Sukracharjya Rabha: pinning Assamese theatre on the national map

Theatre for nature: Sukracharjya Rabha   | Photo Credit: Picasa

At just 41 years of age, theatre practitioner Sukracharjya Rabha had already notched up enough accomplishments of note to warrant the distinction of a full state funeral, deferentially organised a day after his untimely passing, late on Friday, June 8.

The rites were attended by peers and cohorts from the Assamese theatre world, arts aficionados, state officials and — in a testament to his extraordinary impact on local communities — teeming numbers from the rural populace of Agia, a quiet outpost in Assam’s Goalpara district where Sukracharjya had slowly and unrelentingly built an impressive theatre legacy over the course of more than two decades. His mortal remains, soberingly shrouded with flowers, were consigned to flames within the verdant confines of the very forest where he had, almost singularly, organised nine editions of Under The Sal Tree, the unique eco-friendly theatre festival that placed his otherwise sequestered village, Rampur, quite irrevocably on the national map.

Power of the feminine

Sukracharjya’s theatre collective, the Badungduppa Kalakendra, named after a traditional percussion instrument of the indigenous tribal community (also called Rabha) to which he belonged, was established in 1998, and formally registered in 2004. While his early practice already displayed glimpses of the unimpeachable social consciousness that was to become its calling card, it was a 2003 staging of Jyoti Prasad Agarwala’s multi-layered Rupalim, in his native Rabha language, that was to prove a significant departure for Sukracharjya as a director. Written in 1960, the play dealt with love and desire, with undercurrents of feminine rebellion. It was one of the earliest of Badungduppa’s plays to feature women actors, and their inclusion caused unease in the rural set-up that has since mitigated over the years. So much so that, in the latest edition of his festival, the evening performances were all presented by female performers of national repute, including Pakija Begum and Jyoti Dogra.

Taking theatre into nature with Under The Sal Tree, came about after Sukracharjya underwent an apprenticeship with his spiritual mentor Heisnam Kanhailal at Kalakshetra Manipur. Kanhailal’s ‘Nature-Lore’ project eschewed urban advancements for the rootedness of the rurally bound. Of course, some of the festival’s organic features were borne out of practicality. For instance, shows take place in natural daylight, because the outfit couldn’t afford light or sound fixtures. The forest enclosure, where the performances are staged in an atmosphere of disarming quietude, is hemmed in by gently undulating trees, with distinctive thatched screens lining the perimeter of performance. Audience seating is constructed out of sturdy rustic wood. While the festival had only started to gain national currency over the last couple of years, it quickly became an important fixture in Assam’s cultural calendar.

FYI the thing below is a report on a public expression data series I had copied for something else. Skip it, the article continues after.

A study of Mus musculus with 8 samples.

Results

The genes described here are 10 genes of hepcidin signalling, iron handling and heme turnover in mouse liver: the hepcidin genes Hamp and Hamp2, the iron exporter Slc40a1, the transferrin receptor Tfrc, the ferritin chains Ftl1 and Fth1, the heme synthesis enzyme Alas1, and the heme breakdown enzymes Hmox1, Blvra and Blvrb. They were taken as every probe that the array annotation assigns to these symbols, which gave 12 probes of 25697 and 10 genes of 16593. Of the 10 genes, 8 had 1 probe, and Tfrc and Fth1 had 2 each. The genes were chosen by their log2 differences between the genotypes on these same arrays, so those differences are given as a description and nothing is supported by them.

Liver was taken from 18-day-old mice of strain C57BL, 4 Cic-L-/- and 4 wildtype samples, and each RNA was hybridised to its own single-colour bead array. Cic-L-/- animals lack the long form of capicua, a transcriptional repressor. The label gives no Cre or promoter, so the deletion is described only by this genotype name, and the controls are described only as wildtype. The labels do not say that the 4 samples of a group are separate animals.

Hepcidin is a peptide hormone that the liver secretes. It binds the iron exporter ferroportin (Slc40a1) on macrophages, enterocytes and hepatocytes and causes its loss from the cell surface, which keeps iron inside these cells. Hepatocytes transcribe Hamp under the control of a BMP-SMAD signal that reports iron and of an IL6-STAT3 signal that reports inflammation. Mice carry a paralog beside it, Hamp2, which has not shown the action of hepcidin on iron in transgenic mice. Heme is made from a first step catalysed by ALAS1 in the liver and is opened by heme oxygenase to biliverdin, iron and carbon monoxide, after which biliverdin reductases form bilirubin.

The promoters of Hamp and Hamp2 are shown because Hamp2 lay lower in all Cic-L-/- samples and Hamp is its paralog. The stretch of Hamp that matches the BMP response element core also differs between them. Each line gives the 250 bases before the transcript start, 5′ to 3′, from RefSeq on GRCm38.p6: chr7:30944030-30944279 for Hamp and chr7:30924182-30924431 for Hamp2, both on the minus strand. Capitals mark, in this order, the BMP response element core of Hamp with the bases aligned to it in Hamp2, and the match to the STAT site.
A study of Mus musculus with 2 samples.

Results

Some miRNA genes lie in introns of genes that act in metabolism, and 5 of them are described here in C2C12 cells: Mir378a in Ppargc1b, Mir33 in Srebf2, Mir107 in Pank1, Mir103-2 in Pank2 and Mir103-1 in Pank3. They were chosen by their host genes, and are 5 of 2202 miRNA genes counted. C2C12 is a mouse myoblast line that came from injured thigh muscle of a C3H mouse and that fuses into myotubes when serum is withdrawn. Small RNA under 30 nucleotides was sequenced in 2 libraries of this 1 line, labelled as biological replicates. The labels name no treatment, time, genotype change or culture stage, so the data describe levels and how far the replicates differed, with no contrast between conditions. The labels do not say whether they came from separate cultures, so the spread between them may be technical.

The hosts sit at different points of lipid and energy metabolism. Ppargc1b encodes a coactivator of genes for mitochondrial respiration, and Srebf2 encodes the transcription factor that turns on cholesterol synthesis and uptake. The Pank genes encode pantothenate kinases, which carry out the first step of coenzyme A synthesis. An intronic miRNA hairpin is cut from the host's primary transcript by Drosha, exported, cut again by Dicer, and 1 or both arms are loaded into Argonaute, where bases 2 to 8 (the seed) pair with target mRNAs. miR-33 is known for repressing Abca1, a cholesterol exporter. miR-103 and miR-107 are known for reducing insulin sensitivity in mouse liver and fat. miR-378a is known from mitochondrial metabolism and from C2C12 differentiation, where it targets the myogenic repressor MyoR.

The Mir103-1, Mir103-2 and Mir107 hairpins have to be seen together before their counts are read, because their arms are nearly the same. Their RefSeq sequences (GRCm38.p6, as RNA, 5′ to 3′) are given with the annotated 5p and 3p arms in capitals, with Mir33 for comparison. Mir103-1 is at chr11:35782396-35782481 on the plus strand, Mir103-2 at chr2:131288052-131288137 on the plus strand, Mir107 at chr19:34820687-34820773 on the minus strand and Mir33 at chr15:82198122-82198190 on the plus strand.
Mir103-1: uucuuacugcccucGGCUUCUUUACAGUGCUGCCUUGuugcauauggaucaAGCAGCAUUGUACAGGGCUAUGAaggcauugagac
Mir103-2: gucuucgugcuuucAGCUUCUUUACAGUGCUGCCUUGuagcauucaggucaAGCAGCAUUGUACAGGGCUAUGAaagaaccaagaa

Dedicated to drama

It was with the festival that Sukracharjya’s quietly unostentatious work in Rampur, hitherto hidden away from the glare of publicity, came to be more widely known. The first edition, organised in 2008, was supported by a grant from the Sangeet Natak Akademi, which later awarded him the Ustad Bismillah Khan Yuva Puraskar in 2009. Since then, a trickle of funds from both international and Indian agencies, including the Ministry of Culture, have come in. Accordingly, the curatorship of the festival attempted to strike a balance between ambition and sensibilities. Works from overseas have been welcomed, and both large troupes and smaller crews from across India have made the trek to Goalpara, some 200 km from Guwahati, to what was becoming an increasingly prestigious destination. Sukracharjya’s own practice continued to thrive, and the Kalakendra began operations as a theatre residency in its own right.

As is now de rigueur, Sukracharjya’s social media timeline has been inundated with a profusion of digital tributes, that are perhaps ephemeral at this time but hold the hope for an abiding posterity befitting a bona fide cultural icon.

There are personal mementoes brought out for an airing — photographs, programmes, illustrations, hand-written notes. There are richly worded eulogies from both prominent theatre personalities and the relatively anonymous, on whose lives the imprint of his work has been majestically rich.

The news of his passing arrived alongside the state-wide pall of gloom caused by the lynching of two young Assamese sound engineers, Abhijit Nath and Nilotpal Das, in a remote village in Karbi Anglong, that same evening. The backwardness of vast tracts of the outback makes the veritable cultural renaissance Sukracharjya had effected in his own neck of the woods all the more remarkable and inspiring.